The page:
Just to bring you up to date on our first episode about Michelangelo, here are the highlights: spoiled capicola, snowmen and Pope Tag. Now that you’re caught up, we can go to Rome.
Rome in 1496 was, surprisingly, much like it is today, except with less crumbling, run-down 500-year-old buildings, fewer cars, no reality TV shows, etc. It was into this world that Michelangelo, at the age of 21, entered in order to continue his sculpting career, because “Communication Design Management Specialization” at Devry University hadn’t been invented yet. It was here, at the age of 24, that he finished his first great masterpiece, a “pieta” (pizza) consisting of pepperoni, crumbled bacon, gorgonzola cheese, and just a little oregano in the sauce. As he was eating this, he was also working on a sculpture of the Virgin Mary grieving over the body of Jesus, which, coincidentally, was also called a “pieta”. It was deemed by local sculpture reviewers as “A revelation of all the potentialities and force of the art of sculpture. See it with someone you love. Marble-ous! Five stars. (check out more of my reviews at pietariffic.com.)” It currently resides at St. Peter’s Basilica, right across the street from Pizzeria Tavola Calda, which has great, cheap food. If they like you, the owners give you a free piece of cake.
In 1499, Michelangelo returned to Florence where he was asked by the Guild of Wool to create an immense, 10-foot tall statue of a stocking hat, I suppose as some sort of promotional stunt. Instead, Michelangelo offered to complete one of their 40-year-old unfinished projects depicting David as a symbol of Florentine freedom, which apparently has something to do with unashamed, gigantic nudity. This, his most famous work, was originally to be installed on the gable of the Florence Cathedral, but, since no one could find an industrial-grade military helicopter to lift it there, it was decided it would be easier to place it in the Piazza della Signoria (“Della’s Signature Pizza”) and sell small, plastic versions of it in a gift shop. This statue established Michelangelo as an artist of great skill and artistic insight, and brought him more prestigious commissions, offers, and an appearance on The Today Show, where he taught Natalie Morales how to sculpt a bust of Al Roker out of a block of cheese. “David” is now located in the Galleria dell’Accademia di Firenze, or “Gallery of Fire Knowledge”, where its nude figure sustains approximately 15,000 sniggers, titters, and embarrassed whispers from school boys each year.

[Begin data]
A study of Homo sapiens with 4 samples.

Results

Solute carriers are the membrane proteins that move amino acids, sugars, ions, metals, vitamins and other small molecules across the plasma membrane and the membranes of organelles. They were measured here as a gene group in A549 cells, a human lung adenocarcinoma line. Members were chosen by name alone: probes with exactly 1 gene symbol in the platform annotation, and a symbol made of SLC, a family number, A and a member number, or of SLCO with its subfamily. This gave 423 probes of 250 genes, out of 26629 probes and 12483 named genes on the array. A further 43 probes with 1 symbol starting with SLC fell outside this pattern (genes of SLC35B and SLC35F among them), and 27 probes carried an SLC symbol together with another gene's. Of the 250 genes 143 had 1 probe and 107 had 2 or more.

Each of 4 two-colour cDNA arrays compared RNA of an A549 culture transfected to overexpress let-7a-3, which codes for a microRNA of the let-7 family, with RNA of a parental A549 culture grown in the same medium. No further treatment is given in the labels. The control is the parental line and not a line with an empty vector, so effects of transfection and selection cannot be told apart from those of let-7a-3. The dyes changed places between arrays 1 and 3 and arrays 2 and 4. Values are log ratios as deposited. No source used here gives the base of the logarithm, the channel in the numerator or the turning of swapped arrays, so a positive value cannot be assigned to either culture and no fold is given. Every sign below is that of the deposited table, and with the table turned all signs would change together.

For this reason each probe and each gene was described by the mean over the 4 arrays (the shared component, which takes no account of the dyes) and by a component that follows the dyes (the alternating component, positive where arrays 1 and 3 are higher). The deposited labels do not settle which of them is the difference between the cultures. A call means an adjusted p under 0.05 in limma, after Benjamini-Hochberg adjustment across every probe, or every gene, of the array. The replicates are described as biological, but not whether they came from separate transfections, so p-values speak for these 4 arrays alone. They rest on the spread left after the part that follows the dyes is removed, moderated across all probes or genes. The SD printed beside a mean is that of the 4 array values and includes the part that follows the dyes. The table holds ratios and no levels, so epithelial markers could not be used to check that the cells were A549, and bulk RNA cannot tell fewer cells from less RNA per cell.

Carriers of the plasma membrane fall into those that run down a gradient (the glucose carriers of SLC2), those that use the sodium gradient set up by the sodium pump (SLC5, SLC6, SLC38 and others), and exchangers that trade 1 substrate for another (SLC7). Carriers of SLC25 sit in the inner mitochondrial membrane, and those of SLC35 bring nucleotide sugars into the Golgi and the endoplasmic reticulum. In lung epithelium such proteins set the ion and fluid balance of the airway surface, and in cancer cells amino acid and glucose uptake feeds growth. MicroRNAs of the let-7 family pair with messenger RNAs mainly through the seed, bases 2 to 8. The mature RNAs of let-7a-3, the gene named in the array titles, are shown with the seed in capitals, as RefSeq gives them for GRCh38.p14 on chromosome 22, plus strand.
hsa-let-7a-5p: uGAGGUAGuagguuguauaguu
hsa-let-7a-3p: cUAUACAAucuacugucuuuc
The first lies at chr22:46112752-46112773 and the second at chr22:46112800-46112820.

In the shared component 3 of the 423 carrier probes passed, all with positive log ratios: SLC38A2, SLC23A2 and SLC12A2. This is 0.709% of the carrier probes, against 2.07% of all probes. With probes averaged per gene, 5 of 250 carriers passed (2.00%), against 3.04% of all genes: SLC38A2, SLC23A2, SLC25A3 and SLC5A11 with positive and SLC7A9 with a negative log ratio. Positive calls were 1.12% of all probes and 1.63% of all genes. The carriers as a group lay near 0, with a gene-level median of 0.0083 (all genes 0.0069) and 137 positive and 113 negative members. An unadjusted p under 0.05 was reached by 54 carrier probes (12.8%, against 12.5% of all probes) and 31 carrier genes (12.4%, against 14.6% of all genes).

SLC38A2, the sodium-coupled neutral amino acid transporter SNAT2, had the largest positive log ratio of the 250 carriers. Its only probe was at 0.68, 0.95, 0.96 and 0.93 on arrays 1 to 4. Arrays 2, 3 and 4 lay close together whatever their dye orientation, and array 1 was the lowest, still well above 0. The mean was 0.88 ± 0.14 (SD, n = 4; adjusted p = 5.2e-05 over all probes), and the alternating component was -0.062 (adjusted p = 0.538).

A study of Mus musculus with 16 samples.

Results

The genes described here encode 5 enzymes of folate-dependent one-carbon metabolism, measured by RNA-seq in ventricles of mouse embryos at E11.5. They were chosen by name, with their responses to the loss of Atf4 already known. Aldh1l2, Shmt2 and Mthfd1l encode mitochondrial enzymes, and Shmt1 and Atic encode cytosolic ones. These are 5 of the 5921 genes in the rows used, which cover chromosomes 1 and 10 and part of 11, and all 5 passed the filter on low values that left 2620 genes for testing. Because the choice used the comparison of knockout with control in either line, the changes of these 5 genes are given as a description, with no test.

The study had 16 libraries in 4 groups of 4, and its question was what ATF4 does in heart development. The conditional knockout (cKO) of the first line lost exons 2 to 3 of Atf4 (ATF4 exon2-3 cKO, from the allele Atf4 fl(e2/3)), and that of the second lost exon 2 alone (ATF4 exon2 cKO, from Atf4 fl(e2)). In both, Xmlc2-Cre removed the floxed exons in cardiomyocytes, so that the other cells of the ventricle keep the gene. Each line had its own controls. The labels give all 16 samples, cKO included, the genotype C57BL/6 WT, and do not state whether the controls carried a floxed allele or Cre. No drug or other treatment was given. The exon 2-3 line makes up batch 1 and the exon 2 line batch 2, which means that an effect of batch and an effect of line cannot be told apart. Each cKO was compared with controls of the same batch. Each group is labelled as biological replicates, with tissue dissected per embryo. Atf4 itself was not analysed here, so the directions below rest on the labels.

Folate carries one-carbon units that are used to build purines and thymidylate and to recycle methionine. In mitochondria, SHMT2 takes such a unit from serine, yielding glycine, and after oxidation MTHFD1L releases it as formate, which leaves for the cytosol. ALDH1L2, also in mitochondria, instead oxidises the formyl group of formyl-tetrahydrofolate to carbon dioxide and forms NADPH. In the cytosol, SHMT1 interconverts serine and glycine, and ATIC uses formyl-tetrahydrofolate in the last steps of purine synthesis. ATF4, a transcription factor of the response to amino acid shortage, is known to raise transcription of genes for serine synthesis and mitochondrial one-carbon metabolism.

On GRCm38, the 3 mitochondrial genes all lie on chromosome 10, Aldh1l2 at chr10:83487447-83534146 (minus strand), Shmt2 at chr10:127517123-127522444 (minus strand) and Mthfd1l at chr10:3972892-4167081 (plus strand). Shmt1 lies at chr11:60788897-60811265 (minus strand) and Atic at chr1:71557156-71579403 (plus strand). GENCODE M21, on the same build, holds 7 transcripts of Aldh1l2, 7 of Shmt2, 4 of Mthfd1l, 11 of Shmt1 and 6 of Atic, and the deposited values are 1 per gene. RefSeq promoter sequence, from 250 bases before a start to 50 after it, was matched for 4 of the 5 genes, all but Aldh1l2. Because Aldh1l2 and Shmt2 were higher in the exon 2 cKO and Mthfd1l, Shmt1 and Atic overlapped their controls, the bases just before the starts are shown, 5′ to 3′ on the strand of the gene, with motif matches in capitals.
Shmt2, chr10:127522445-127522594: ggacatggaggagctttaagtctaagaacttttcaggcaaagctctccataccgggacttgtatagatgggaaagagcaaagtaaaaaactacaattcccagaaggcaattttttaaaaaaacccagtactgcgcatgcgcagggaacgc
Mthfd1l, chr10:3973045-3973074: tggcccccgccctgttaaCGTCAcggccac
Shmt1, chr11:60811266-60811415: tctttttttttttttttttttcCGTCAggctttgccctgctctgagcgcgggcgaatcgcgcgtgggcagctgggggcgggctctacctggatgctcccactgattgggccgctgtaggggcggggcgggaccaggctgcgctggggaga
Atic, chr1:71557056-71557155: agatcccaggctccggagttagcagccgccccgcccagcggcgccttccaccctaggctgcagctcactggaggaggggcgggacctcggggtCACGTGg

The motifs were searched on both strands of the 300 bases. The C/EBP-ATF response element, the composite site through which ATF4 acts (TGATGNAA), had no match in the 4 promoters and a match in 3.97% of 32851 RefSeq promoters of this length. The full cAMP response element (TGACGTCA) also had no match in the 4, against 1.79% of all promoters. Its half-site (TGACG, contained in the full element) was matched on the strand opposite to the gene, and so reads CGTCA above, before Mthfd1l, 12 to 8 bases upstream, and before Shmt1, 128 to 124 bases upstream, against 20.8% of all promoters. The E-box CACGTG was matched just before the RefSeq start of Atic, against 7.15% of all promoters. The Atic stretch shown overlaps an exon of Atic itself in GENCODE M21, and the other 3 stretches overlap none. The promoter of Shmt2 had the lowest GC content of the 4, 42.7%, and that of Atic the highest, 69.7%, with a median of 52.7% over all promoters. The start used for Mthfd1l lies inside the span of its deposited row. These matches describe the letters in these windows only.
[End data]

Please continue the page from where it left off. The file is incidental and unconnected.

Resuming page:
Michelangelo returned to Rome in 1505 at the invitation of Pope “Orange” Julius II, where he was commissioned to build a tomb for the Pope, consisting of a three-story building with 40 statues and 100 of those wacky inflatable tube guys dressed as archbishops. He was given a timeline of 5 years because I guess that’s when the Pope was planning to off himself and fall into his tomb. But, due to interruptions including other projects and more Today Show appearances, it took over 40 years to complete, probably much to the relief of the Pope, but not his inheritors, who had caught a peek at his substantial life insurance policy. Many of the 40 statues completed for the tomb are now located in other museums so that school children in those cities can also be forced to look at culture on their field trips. One of these interruptions was to become an epic work of such beauty, scope and endurance that it can hardly be described without saving it for the next installment, so I guess that’s what we’re going to do.